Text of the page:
Enhanced screening procedures in which torture claimants will be legally represented during their application hearings will be implemented by September or October this year.
This will be followed by legislation that will provide statutory authority to the new procedures, according to a government paper issued to legislators yesterday. The proposed legislation will be discussed with lawmakers at the end of the year.
The United Nations' Convention against Torture has been applied to Hong Kong since 1992. Under the convention, Hong Kong shall not expel, return or extradite a person to another state where there are substantial grounds for believing that the person would be in danger of being tortured.
However, the Hong Kong government had long been criticised for failing its responsibilities under the convention, and in December last year, the High Court condemned the current procedure as being unfair.
In the paper released yesterday, the government said it accepted the court's view that legal representatives of torture claimants should be present at screening interviews and that the administration should make available publicly-funded legal assistance to the claimants who lack economic means.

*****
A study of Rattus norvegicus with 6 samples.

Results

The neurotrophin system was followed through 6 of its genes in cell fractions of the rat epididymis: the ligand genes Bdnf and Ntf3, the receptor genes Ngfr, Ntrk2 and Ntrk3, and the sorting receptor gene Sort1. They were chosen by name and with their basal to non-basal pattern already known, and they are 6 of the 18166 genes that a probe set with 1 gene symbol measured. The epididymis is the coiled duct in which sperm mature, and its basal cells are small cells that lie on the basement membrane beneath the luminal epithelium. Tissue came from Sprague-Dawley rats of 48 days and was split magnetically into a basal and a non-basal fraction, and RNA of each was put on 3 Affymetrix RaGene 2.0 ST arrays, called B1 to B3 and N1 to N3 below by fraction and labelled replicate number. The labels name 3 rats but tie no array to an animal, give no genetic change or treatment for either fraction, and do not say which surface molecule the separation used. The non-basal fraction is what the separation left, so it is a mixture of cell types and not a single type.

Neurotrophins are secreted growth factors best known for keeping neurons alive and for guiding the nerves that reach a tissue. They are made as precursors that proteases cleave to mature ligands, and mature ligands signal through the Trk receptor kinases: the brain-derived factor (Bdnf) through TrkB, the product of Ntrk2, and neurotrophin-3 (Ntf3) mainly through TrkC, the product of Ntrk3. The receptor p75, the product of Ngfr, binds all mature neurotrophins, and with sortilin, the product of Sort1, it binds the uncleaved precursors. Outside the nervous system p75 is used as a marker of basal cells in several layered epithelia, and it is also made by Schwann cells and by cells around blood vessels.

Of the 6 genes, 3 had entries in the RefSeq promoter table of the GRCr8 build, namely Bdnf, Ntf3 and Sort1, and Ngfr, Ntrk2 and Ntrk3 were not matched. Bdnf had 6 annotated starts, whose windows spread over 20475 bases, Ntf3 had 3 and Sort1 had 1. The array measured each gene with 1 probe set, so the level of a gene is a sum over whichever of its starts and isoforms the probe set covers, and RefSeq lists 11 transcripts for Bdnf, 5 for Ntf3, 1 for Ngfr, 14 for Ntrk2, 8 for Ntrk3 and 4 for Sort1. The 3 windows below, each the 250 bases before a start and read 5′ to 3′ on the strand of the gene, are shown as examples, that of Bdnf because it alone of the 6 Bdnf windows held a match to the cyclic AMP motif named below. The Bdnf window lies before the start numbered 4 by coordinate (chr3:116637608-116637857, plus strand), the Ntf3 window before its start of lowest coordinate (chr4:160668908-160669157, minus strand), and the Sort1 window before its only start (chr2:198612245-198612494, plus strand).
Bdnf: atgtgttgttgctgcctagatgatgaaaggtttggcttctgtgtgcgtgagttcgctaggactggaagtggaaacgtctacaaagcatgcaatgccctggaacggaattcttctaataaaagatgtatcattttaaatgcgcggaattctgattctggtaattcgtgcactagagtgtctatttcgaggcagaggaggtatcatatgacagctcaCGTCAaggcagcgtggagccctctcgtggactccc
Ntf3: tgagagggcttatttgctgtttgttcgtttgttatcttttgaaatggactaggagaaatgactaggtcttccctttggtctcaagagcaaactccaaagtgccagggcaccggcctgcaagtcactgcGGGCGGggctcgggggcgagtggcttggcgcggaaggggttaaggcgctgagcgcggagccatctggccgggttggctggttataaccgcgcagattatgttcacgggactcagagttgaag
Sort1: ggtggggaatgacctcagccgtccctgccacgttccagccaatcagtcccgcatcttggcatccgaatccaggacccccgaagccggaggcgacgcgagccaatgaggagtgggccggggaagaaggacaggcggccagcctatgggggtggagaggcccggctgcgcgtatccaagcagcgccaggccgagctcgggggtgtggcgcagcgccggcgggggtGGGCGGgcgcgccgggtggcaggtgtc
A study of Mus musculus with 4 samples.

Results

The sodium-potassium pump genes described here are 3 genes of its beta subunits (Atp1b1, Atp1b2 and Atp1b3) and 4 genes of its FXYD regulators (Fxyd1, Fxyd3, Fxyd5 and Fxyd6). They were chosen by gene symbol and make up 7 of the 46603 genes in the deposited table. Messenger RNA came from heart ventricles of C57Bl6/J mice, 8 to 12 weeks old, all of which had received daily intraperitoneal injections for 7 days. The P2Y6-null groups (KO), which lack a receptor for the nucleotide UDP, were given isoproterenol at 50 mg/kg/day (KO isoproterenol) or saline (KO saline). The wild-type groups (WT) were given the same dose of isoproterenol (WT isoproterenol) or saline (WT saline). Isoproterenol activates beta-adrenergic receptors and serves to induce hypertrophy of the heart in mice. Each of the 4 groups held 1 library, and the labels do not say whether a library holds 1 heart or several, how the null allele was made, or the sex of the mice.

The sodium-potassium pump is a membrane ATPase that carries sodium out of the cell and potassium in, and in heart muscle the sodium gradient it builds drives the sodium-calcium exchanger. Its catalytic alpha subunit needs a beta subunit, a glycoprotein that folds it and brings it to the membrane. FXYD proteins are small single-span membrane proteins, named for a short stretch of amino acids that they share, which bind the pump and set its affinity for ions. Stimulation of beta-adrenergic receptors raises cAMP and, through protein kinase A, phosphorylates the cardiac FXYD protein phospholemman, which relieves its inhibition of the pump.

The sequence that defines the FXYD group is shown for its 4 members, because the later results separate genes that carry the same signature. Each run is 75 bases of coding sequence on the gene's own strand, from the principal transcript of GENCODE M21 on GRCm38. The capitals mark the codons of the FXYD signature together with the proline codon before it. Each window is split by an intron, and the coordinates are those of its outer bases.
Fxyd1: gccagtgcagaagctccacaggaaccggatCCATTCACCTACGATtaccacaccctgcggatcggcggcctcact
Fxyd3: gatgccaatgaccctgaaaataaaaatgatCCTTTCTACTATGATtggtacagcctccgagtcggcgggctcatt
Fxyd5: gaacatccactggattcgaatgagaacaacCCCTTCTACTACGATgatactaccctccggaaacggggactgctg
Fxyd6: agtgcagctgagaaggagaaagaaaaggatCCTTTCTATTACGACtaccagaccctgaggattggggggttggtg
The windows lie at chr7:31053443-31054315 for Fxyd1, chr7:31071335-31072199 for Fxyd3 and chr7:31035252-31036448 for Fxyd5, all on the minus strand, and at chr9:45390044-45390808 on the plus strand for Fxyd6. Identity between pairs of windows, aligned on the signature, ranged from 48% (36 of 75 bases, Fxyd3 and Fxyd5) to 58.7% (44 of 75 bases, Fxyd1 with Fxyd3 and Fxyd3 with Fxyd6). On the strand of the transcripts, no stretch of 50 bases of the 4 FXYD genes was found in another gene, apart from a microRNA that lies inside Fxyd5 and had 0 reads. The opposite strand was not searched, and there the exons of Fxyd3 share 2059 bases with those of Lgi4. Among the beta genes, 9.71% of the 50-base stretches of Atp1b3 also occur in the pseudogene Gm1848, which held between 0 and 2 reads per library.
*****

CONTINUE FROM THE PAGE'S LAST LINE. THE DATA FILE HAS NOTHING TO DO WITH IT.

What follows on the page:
'We would revise the relevant procedures and guidelines to allow legal representatives of claimants to be present at screening interviews. We'd also allow attendance of legal representatives at petition hearings. Besides, the administration is exploring the provision of publicly-funded legal assistance to the claimants who do not have such means,' the paper said. It said the government was still discussing with various parties on how to provide such services.
'If an agreement is reached, we would, through subvention to the relevant service providers under a pilot scheme, provide legal assistance to those claimants who have such an economic need during the screening process, including the provision of legal advice on the grounds for the claim and the petition, as well as legal representation of the claimants in petition hearings,' the paper said.
As of mid-June, there were 5,053 claims pending screening, the paper says. The Law Society and Bar Association issued a joint paper earlier this year urging a comprehensive screening process that included an assessment of refugee status.
But the paper stressed the government's position on the 'refugee convention remains unchanged, that is, the convention does not apply' to Hong Kong 'and the administration doesn't have the obligation to handle refugee status determination'.